Past Cure is the worst game I’ve played this year, no ifs, ands, or buts about it. The whole experience feels like a fan game made by someone really into Silent Hill, Metal Gear Solid, and Quantum Break as it desperately tries to combine elements from all those games but fails to capture what made those games great.
The opening of Past Cure, while janky, was able to make me hopeful that what I was about to play was something new and interesting. Ian, the main character, wakes up in a run-down building where loud Inception-like bass sounds play as red light comes from behind doors that open to reveal nude, pure white porcelain men that aren’t friendly. After clearing a few rooms a trippy cutscene plays with a girl standing in a doorway calling out to you. Ian then wakes up and everything goes downhill from here.
Ian explains via terribly voice-acted internal monologue that he recently lost his memory after coming back from Syria, has crazy vivid dreams every night and has psychic powers where he can leave his body and slow time. This is all detailed as he walks slowly around a beautiful apartment before he goes back to sleep, where he dreams about playing chess against a porcelain man while also working his way through a labyrinth that serves as a tutorial for his psychic powers.
After this second dream, Ian is told by his brother that he needs to go find some doctor that has something to do with these mysterious pills that he takes to help with his condition. Why? No clue. The writing in Past Cure is all over the place and the story doesn’t make a whole lot of sense in general. It is written in such a way that basically every possibility and question the player could have is asked on the screen openly by characters but never answered as if this is the first in a series of games. I certainly hope not.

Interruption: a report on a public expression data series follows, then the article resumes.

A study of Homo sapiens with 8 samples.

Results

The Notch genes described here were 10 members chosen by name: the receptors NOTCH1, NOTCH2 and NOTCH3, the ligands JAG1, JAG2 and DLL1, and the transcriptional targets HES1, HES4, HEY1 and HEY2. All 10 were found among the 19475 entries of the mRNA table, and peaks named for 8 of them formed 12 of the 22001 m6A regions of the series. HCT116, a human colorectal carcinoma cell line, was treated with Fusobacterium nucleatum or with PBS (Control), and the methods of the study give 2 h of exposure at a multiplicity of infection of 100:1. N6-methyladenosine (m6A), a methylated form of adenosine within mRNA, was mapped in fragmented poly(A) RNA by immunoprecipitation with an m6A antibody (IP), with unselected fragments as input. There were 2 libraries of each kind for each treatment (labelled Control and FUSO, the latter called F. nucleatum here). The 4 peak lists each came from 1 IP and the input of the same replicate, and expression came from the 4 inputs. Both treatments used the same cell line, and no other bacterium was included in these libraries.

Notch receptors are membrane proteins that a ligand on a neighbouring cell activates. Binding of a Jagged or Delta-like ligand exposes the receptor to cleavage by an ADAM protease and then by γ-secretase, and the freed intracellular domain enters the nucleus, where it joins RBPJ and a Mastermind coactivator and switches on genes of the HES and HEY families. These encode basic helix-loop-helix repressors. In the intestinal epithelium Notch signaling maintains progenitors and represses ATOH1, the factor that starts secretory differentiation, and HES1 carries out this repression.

Ian sets out to find this doctor, which involves climbing through vents in a parking complex that looks like the same asset used over and over with different car configurations in each section. The shooting controls aren’t solid and the gunplay isn’t fun by any means, even with the ability to slow down time. The only way to make it through the next couple levels is hardcore stealth, with the game going as far as making getting found an instant failure in certain areas. It isn’t fun, at all.
Eventually, after stealthily making it through the garage after the bland garage, then doing the same with equally bland and repetitive office buildings, the game eventually finds Ian in a spooky prison filled with the porcelain men which is the only part of Past Cure I’d even come close to calling good. A few puzzles are introduced that don’t feel all that different than what you’d find in most survival horror games, like connecting wires for electricity or sliding puzzle pieces around to find a solution. But these moments are fleeting, and then it’s back to bland third-person shooting and a janky final boss battle.
Throughout my time with Past Cure, I experienced many moments of the audio cutting out, subtitles not being displayed, and even a couple full crashes. I also experienced a few moments where—if I hadn’t had the subtitles turned on—I’d have never known characters were talking since the audio wasn’t playing. There was a day one patch, while I did not replay the full experience, the sections I replayed had some lingering issues, leading to an overall disappointing experience.
A retail version of the game reviewed was provided by the publisher. You can find additional information about CGMagazine’s ethics and review policies and procedures here.